About a month before her wedding last May, Estefani Soler found her dream wedding dress.
The 1970s vintage gown fit her perfectly. The silky dress had long sleeves, a sweetheart neckline lined with delicate lace and a stunning train.
But, Soler didn’t find the gown in a store or her grandmother’s attic. It was waiting to be borrowed just beyond the books in a dark, wood-paneled office at the Maurice M. Pine Free Public Library in Fair Lawn.
“I felt like it was supposed to be mine, like I was supposed to wear that dress,” Soler said.
Library director Adele Puccio loaned the dress to Soler for free, just like she’s loaned at least 30 dresses to other brides over the years. She currently has about 20 vintage dresses stored at the library and her home in Bayonne in one of New Jersey’s most unusual library-based collections.
No library card is required to borrow the dresses, which technically belong to Puccio, not the public library.
“It’s not like I’m slapping a barcode on it and checking it out,” Puccio said. “If somebody comes in and wants a wedding gown, they just have to tell me, yes they want it, and what they want it for.”
Puccio began collecting vintage wedding dresses as a hobby in 2000.
At the time, she led programming for the Bayonne Public Library. She organized a “salute to brides” and decorated the library with bridal gowns and wedding memorabilia.
“It wound up snowballing,” Puccio said. Older staff members brought in gowns and wedding items and the library held a show called “Brides of the Century” featuring more than a dozen library employees and patrons modeling gowns designed throughout the 20th century.
A 1920s flapper-style gown, a 1968 “Austin Powers” style gown with fur trim on the cuffs and tiny bows on the Empire waist, along with a 1992 dress by Canadian designer Arnold Scaasi that originally sold for $5,000, were among the modeled gowns.
Years after the event, Puccio got rid of a bunch of gowns she owned and stopped collecting. She gave many of them away to friends, neighbors and anyone who wanted one.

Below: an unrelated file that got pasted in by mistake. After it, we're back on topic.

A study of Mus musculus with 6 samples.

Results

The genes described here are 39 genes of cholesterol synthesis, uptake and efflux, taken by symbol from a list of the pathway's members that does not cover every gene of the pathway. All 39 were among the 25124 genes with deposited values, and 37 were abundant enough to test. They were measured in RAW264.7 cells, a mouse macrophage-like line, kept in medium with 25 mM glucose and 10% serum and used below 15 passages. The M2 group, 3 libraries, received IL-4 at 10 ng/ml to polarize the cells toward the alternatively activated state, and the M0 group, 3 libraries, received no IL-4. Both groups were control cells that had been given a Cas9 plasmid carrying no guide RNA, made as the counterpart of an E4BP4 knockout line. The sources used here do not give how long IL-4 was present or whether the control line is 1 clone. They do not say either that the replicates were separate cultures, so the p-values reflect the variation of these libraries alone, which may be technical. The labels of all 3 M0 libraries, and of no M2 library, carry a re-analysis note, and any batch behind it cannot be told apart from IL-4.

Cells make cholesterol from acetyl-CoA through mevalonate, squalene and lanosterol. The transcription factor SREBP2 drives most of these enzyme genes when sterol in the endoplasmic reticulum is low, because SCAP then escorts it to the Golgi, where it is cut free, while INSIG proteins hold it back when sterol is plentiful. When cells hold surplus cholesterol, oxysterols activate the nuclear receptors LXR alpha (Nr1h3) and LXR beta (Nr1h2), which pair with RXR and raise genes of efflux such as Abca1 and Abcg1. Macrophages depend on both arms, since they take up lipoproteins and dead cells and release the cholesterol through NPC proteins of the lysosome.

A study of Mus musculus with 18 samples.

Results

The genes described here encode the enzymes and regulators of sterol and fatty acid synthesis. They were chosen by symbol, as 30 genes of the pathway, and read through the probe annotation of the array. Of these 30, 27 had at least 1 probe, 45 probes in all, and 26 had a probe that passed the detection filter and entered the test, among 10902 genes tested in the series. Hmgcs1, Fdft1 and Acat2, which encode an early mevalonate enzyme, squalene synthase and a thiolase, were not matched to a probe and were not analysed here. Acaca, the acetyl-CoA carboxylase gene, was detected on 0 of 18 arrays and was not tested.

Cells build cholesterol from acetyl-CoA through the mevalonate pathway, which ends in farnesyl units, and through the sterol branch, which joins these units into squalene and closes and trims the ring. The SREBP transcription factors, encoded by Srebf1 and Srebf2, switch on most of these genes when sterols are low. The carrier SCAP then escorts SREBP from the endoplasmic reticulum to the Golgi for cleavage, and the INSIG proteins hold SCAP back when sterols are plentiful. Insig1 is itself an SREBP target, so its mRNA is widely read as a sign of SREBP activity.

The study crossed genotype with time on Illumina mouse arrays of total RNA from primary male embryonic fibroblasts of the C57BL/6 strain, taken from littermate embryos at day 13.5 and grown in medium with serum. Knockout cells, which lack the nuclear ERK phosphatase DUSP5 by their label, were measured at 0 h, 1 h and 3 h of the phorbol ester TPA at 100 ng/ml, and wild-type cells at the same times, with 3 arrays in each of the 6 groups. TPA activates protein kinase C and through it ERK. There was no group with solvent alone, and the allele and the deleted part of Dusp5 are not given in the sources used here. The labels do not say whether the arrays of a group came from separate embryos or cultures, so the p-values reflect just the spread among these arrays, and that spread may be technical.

After taking her new job at the Fair Lawn library, Puccio unexpectedly found herself sorting through wedding dresses again.
“A couple years ago, someone told someone in town here that I collected wedding gowns. They, you know, didn’t get to the part where I had stopped,” she said. “But, people started dropping off wedding gowns here again.”
Now fully back in the world of wedding dress curation again, Puccio routinely gives away the gowns from her stockpile in her current job at the library in Fair Lawn. She also donates dresses to local brides, either through word of mouth or via social media through a Facebook group called “Shared Dream Dresses.”
Puccio often picks up dresses at second hand stores or through Freecycle, the nonprofit network that encourages the reuse of items through free donations, she said.
The dresses in the collection are free to borrow, but Puccio said she doesn’t expect them all to be returned to her or the library.
“Although I ‘lend’ I don’t always expect them back,” she said. “People become attached to their gowns.”
Puccio said she got married in 1985 when she was 19 years old. Her husband died in 2019, following a cancer diagnosis, but she’s reworn her wedding dress a few times.
One Halloween, she wore it as a costume — she went as a zombie bride — and in 2015, when the U.S. Supreme Court legalized same-sex marriage, Puccio wore her dress to the New York City Pride Parade.
But she doesn’t consider her dress “wearable” for a wedding. “It needs help,” she said, adding her cat has left pinpricks in the overskirt while sleeping on the dress.
Puccio’s office at the Fair Lawn library features a few mannequins gracefully wearing a small selection of the available dresses. Most are vintage, in good condition and ready to wear to a wedding.
Occasionally, Puccio receives a brand-new dress, like a recent one she added to the collection from David’s Bridal.
Some of the older dresses would work better at a costume party than a modern wedding, Puccio said. Others have strict measurements — Puccio recently gave away a “stunning” 1965 dress that is likely a size double zero by today’s standards.
People are allowed to alter the dresses. They also typically clean the gowns before returning them.
Borrowing a wedding dress may not work for every bride, but it can significantly cut the cost of a wedding. The average wedding gown sells for about $1,900, but many can go for thousands more, according to The Knot Real Weddings Study, a 2022 survey of nearly 12,000 couples by the popular wedding website. About 93% of brides said they purchased a new dress.
Soler, the bride who borrowed a 1970s gown from Puccio, held her ceremony outdoors at the New Milford Public Library in Bergen County, where she worked at the time.
Before borrowing her dress, she searched several thrift stores. Soler tried on at least 10 other dresses, but none of them felt right until she landed on the one from the Fair Lawn library.
The dress she chose required no alterations, she said.
The priciest part?
“The cleaning was the most expensive,” Soler said. “It was like $100.”